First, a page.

Medicine &Diabetes

Blue Angel
By Blue Angel Latest Reply 2010-01-19 21:15:31 -0600
Started 2010-01-18 19:56:09 -0600

I found that medicines can cause high or lows. Now if you are taking Meds that make your sugar low . Do you eat More to Keep it up and risk too high sugars? Or High do you take half you medicine? Ihave anyone had this problem? what did you do about it?

6 replies

spiritwalker 2010-01-19 21:15:31 -0600 Report

If you are having medication problems its best to contact your Dr. right away. He can make adjustments based on your bg.
readings or change your medications completely. Each of us
reacts differently to Rx.

Zimoss 2010-01-19 21:10:39 -0600 Report

I think from your question that you are referring to oral meds for diabetes…

based on that assumption: you don't change the dose you are taking since they don't cause low blood sugars

(with a few exceptions) —
* chlorpropamide (Diabinese)
* glimepiride (Amaryl)
* glipizide (Glucotrol, Glucotrol XL)
* glyburide (DiaBeta, Glynase, Micronase)
* nateglinide (Starlix)
* repaglinide (Prandin)
* sitagliptin (Januvia)
* tolazamide
* tolbutamide
* glipizide + metformin (Metaglip)
* glyburide + metformin (Glucovance)
* pioglitazone + glimepiride (Duetact)
* rosiglitazone + glimepiride (Avandaryl)
* sitagliptin + metformin (Janumet)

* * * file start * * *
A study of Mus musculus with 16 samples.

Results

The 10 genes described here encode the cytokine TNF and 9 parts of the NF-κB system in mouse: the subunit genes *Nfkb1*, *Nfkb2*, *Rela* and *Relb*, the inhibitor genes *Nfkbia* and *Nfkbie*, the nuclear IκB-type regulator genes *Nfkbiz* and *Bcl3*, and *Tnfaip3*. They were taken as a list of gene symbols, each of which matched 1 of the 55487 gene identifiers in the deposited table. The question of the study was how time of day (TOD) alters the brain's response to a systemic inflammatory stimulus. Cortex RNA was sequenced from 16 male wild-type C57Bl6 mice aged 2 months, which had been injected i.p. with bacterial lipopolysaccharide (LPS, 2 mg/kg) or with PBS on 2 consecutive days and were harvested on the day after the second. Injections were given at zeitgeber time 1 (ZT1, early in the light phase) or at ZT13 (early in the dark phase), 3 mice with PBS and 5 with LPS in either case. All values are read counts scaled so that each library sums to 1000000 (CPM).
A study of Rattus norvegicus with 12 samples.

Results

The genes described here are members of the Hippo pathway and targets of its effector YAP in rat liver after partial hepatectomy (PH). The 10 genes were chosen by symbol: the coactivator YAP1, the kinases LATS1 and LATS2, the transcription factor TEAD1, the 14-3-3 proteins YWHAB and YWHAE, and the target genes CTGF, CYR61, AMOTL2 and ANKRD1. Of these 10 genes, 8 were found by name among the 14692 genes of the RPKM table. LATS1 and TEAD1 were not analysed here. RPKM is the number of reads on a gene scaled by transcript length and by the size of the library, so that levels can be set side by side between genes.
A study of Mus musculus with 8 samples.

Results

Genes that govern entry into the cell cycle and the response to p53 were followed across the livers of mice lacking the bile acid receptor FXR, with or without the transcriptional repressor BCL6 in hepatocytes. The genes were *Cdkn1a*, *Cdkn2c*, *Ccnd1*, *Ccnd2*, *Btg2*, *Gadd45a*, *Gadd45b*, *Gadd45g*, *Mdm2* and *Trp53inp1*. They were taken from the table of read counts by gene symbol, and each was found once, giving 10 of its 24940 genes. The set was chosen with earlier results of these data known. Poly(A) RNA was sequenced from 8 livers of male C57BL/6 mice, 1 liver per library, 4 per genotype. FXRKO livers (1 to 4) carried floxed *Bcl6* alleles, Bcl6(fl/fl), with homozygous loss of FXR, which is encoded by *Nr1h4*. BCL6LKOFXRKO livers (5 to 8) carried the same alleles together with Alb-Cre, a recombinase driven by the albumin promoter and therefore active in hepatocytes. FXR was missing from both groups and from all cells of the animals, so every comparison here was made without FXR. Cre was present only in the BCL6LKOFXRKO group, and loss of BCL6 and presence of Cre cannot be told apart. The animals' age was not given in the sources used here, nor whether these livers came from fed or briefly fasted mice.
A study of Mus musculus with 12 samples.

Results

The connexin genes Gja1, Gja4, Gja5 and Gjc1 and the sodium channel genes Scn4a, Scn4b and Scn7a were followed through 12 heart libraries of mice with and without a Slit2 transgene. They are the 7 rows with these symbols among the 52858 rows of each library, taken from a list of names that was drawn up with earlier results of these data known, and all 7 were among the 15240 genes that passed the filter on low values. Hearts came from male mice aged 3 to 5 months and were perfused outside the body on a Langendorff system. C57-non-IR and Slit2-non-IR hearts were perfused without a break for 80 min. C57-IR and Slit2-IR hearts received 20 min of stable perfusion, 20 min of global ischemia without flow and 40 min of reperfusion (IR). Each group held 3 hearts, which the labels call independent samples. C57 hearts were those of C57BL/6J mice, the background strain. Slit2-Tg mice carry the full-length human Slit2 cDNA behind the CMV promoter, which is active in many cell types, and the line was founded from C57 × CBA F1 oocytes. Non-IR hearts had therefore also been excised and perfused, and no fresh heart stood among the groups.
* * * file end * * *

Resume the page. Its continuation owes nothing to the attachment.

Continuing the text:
the problem with most oral meds (except those listed above) is that they help your body use the insulin produced by your body already, but this usually doesn't lower your blood sugar if it goes too high…that is the main reason people go onto insulin.

I hope that answers your questions… but as always don't take my word for it, I am not a doctor and I don't know your personal situation, so be sure to consult with your doctor or certified Diabetes educator if you have more questions.


jayabee52 2010-01-18 22:46:52 -0600 Report

Harlen is right, Mary. You need to talk with your Dr if you are on something that causes your BGs to spike or drop consistently. If you have a drop, for instance you need to take juice or glucose tabs to bring it up, just DON'T PLAY WITH YOUR MEDS (either oral glycemic meds or injectables like insulin) ON YOUR OWN! Tell your Dr and let him/her adjust your dosage. Likewise do what you need to do to bring down a spike, without adjusting your med dosage. If your Dr won't listen to your concerns, find one who WILL work with you. Just don't go it alone.

All the best ~James~

Elrond 2010-01-19 04:22:36 -0600 Report

I have to agree with James. Your other meds are prescribed in specific dosages based on what you need. To attempt 'adjustments' can cause serious problems. Sometimes, depending on the med, even an underdose is dangerous. An overdose is certainly always a bad idea. Some prescription medications, such as steroids, are dangerous to just stop. If you are going to stop them, they should be 'tapered down' under a doctor's supervision.

Danni-the-diabetic 2010-01-18 21:22:19 -0600 Report

When I was 18 I went on an anti-depressant that caused my blood sugars to spike higher so I took a few extra units of my long lasting insulin. Keep a log of your sugars and see if you notice when they are spontaniously going up and how you need to adjust your meds or what you are eating.